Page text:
On April 6, the Arkansas state legislature passed a law that would prohibit transgender youth from receiving gender-affirming medical care. It was not alone: before 2021 had even reached the halfway point, at least 35 similar bills—all of them in Republican-controlled states—had been proposed or passed, setting a regrettable record. Advocates for these laws argue that such treatments, which usually involve hormones that delay the changes associated with puberty, are unproven and dangerous and that the legislation is necessary to protect children. That is unscientific and cruel.
The actual danger comes from denying trans people the medical care they need. A 2020 study in the journal Pediatrics found that trans kids who wanted hormone treatments and did not receive them faced greater lifetime odds of suicidal thoughts than those who received “puberty blockers.” These blockers, known as gonadotropin-releasing hormone analogues, are medically safe, and their effects are reversible. The medications have been in use for decades, most often in children who begin puberty too early. For trans kids, they buy some time for young people to explore their gender identity before their bodies develop permanent secondary sex characteristics such as breasts or Adam’s apples. When they are ready, adolescents can decide whether to stop taking the blockers and continue to develop into the gender they were assigned at birth or to take gender-affirming hormones—testosterone or estrogen—to develop the features that match their gender identity.
Anti-trans laws play on fears that children may irreversibly alter their bodies and then come to regret it. But such scare tactics ignore reality for the vast majority of people who receive treatment. Under current guidelines from the Endocrine Society, none of these medical interventions can happen before the onset of puberty. Gender-affirming hormones are usually given in the teen years and only when patients have shown persistent, well-documented distress at the mismatch between their gender identity and their physical sex characteristics, according to the standards of care set by the World Professional Association for Transgender Health. And when it comes to the more significant step of genital surgery, the organization stipulates that it should be an option only for adults who have lived continuously for at least a year in the gender role congruent with their gender identity.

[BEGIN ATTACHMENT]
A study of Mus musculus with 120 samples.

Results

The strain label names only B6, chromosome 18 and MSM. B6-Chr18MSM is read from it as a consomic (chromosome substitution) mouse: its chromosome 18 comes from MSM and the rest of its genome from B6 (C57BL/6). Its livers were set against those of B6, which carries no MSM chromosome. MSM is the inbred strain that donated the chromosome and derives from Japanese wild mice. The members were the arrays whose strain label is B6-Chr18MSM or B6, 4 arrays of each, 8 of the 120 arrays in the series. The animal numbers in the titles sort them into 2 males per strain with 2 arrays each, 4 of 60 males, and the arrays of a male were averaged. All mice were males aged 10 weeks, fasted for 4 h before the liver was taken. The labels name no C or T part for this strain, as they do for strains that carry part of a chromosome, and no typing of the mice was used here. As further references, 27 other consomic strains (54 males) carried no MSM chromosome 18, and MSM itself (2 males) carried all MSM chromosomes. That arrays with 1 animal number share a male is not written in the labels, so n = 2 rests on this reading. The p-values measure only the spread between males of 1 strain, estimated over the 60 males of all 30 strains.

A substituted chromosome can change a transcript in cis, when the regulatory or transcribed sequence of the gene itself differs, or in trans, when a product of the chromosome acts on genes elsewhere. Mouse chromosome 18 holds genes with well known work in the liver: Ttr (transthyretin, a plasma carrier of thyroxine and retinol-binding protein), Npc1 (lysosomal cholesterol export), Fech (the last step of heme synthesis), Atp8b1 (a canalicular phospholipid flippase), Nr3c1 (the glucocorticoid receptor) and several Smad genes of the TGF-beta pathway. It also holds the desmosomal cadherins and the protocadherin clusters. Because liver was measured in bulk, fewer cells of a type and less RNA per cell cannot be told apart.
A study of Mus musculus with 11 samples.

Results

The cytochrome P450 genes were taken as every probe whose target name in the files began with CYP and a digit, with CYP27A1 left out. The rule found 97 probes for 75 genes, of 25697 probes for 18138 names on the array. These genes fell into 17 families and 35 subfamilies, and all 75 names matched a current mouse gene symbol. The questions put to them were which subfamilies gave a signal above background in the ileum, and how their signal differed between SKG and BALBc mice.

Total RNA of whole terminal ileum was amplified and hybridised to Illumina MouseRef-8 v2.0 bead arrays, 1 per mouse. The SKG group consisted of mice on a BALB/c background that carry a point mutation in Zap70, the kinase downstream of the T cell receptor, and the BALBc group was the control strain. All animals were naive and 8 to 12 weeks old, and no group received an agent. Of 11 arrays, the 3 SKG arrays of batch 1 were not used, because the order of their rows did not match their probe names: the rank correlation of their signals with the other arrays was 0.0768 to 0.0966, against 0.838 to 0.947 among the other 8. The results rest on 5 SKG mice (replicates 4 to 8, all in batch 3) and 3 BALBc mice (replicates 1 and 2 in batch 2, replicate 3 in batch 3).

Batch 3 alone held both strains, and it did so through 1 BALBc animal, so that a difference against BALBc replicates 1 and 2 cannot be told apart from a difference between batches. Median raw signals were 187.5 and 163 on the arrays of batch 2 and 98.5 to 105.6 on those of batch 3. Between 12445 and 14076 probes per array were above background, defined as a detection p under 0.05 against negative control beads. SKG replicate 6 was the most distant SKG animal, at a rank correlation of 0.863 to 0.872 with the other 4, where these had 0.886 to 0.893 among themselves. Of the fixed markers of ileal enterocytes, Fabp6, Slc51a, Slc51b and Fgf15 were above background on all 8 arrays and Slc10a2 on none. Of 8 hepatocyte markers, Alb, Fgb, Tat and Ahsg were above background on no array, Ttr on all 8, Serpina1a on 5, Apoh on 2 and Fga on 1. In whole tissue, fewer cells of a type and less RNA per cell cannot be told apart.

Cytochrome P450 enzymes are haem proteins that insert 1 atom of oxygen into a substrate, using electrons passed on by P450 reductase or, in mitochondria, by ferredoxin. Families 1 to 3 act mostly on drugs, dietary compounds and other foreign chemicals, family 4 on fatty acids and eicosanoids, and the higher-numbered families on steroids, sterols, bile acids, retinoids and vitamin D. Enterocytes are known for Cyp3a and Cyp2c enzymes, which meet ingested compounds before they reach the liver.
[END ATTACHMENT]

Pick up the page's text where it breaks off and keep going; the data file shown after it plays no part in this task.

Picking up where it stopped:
These laws would deny people safe treatments when getting them is already too hard. Many trans people—especially people of color, those from lower-income backgrounds and those who are homeless—do not have the financial resources or support they need to receive care. “If lawmakers are interested in improving the health of young people, including transgender youth, as they often claim in these debates, a better use of their time might be to focus on improving access to high-quality medical health care for all rather than restricting it for some,” Kristina R. Olson, a Princeton University psychologist who studies the experiences of trans youth, wrote in a Scientific American opinion essay.
The statehouse war on trans people is not limited to bills restricting health-care access. At least 66 proposed laws would prohibit trans students from participating on sports teams consistent with their gender identity, and 15 would block trans people from using restrooms or locker rooms that match their gender identity, according to the Human Rights Campaign, an LGBTQ rights organization. These callous regulations are just the latest in a long barrage of Republican attacks on gay and trans people. The Trump White House rolled back many LGBTQ protections and even refused to acknowledge Pride Month, traditionally celebrated in June.
In contrast, President Joe Biden issued a presidential proclamation recognizing Pride Month and signed an executive order on his first day in office combating discrimination, on the federal level, on the basis of gender identity or sexual orientation. These and other acts by the Biden-Harris administration have increased desperately needed protections for the LGBTQ community, but they are just a start. Congress must pass the Equality Act, legislation that would establish nondiscrimination protections for LGBTQ people in employment, housing, credit, education, and other areas. The bill was passed by the House of Representatives in February but had not cleared the Senate at the time of this writing. And state lawmakers would do better to address the many real issues that hurt their constituents rather than enacting laws to combat nonexistent dangers.